Attwater’s Prairie Chicken Program Gets $23,000
AUSTIN, Texas — Supporters of the Attwater’s prairie chicken, which has been an endangered species since 1967, have donated $23,000 this year to the Adopt-A-Prairie Chicken program to help save the bird.
Attwater’s prairie chickens inhabit the tall grass coastal prairies and have been slowly edged out by heavy grazing, farming and urban growth, but with the help of grants funded through donations to the Adopt-A-Prairie Chicken program, the birds are being successfully bred and released.
“The highly endangered Attwater’s prairie chicken is currently dependent on captive breeding programs for its continued survival in Texas,” said Mark Klym, Texas Parks and Wildlife Department’s coordinator of the Adopt-A-Prairie Chicken program.
Grants, which were selected from proposals by the Attwater’s prairie chicken Recovery Team, have been awarded as follows:
- The Fossil Rim Wildlife Center received a $12,000 grant for its Developing Additional Breeding Pens project.
- An $8,000 grant was awarded to the REV Project at Texas A&M University in College Station, where graduate student Ellen Collisson is developing a vaccine for the reticuloendotheliosis virus that has been significantly infecting the chickens.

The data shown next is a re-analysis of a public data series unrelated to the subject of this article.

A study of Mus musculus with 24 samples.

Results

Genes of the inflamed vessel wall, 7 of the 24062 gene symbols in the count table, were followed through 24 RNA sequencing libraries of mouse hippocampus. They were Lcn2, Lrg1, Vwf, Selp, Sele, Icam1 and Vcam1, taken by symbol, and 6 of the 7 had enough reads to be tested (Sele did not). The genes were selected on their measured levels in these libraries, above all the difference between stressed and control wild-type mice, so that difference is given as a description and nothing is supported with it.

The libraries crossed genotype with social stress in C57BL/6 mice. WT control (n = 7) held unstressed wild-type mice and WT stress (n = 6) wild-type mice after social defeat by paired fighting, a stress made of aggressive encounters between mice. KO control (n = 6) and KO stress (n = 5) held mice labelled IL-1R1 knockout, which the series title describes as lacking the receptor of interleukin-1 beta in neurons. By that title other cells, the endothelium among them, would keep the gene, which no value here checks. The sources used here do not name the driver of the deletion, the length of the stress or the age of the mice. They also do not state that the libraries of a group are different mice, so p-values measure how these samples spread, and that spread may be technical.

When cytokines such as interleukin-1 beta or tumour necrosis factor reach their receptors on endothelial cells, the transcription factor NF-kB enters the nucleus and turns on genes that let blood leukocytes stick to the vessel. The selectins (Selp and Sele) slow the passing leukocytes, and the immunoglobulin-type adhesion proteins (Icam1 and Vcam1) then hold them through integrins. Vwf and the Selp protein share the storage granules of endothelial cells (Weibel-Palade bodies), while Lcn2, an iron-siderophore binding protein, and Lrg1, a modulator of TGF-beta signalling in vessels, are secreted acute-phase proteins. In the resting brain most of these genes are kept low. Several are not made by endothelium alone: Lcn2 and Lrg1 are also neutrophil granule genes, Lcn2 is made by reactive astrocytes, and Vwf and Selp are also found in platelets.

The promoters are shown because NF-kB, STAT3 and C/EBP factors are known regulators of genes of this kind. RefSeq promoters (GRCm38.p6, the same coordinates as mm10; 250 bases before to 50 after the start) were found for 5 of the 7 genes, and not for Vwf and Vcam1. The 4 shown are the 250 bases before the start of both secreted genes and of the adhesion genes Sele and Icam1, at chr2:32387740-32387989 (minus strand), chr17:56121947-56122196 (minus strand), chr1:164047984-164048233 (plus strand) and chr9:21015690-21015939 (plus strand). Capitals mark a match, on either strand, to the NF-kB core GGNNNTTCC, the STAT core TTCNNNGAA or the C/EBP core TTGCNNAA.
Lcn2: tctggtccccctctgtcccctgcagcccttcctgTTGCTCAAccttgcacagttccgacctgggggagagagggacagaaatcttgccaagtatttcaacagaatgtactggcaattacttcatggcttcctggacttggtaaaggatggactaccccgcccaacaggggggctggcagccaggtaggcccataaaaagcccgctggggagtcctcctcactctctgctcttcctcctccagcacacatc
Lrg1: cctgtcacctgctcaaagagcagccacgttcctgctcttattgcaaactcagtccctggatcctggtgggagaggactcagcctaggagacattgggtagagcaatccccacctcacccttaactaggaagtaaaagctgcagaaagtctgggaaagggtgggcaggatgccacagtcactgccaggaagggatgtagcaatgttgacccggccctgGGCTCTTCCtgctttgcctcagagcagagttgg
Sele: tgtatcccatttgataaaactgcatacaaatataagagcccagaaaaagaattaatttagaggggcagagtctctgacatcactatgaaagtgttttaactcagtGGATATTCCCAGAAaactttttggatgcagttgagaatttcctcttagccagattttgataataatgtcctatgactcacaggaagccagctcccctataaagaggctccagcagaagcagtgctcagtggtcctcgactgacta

- A $600 grant was awarded to each of the following five zoos: the Houston Zoo, the San Antonio Zoo, Sea World San Antonio, the Caldwell Zoo in Tyler and the Abilene Zoo.
“The Adopt-A-Prairie Chicken program is a great way for people to get involved directly in the effort to conserve this highly endangered bird,” Klym said. “Reintroduction programs must work hand in hand with habitat restoration programs. Fossil Rim Wildlife Center has certainly been a leader in the reintroduction efforts.”
The number of chickens this year was about 40, with about 20 chickens at both the Attwater Prairie Chicken National Wildlife Refuge and the Texas City Prairie Preserve.
The birds are radio tagged and their progress tracked after their release. Klym said that captivity-bred birds are surviving in the wild at about the same rate as wild birds.
“We try to release as many as we can,” Klym said. “We ended up only releasing about 18 birds last year because of the REV infections at Fossil Rim. Usually we try to release between 100 and 150 birds each year.”
For more information on the program or to find out how to contribute to this year’s fund, visit the Web.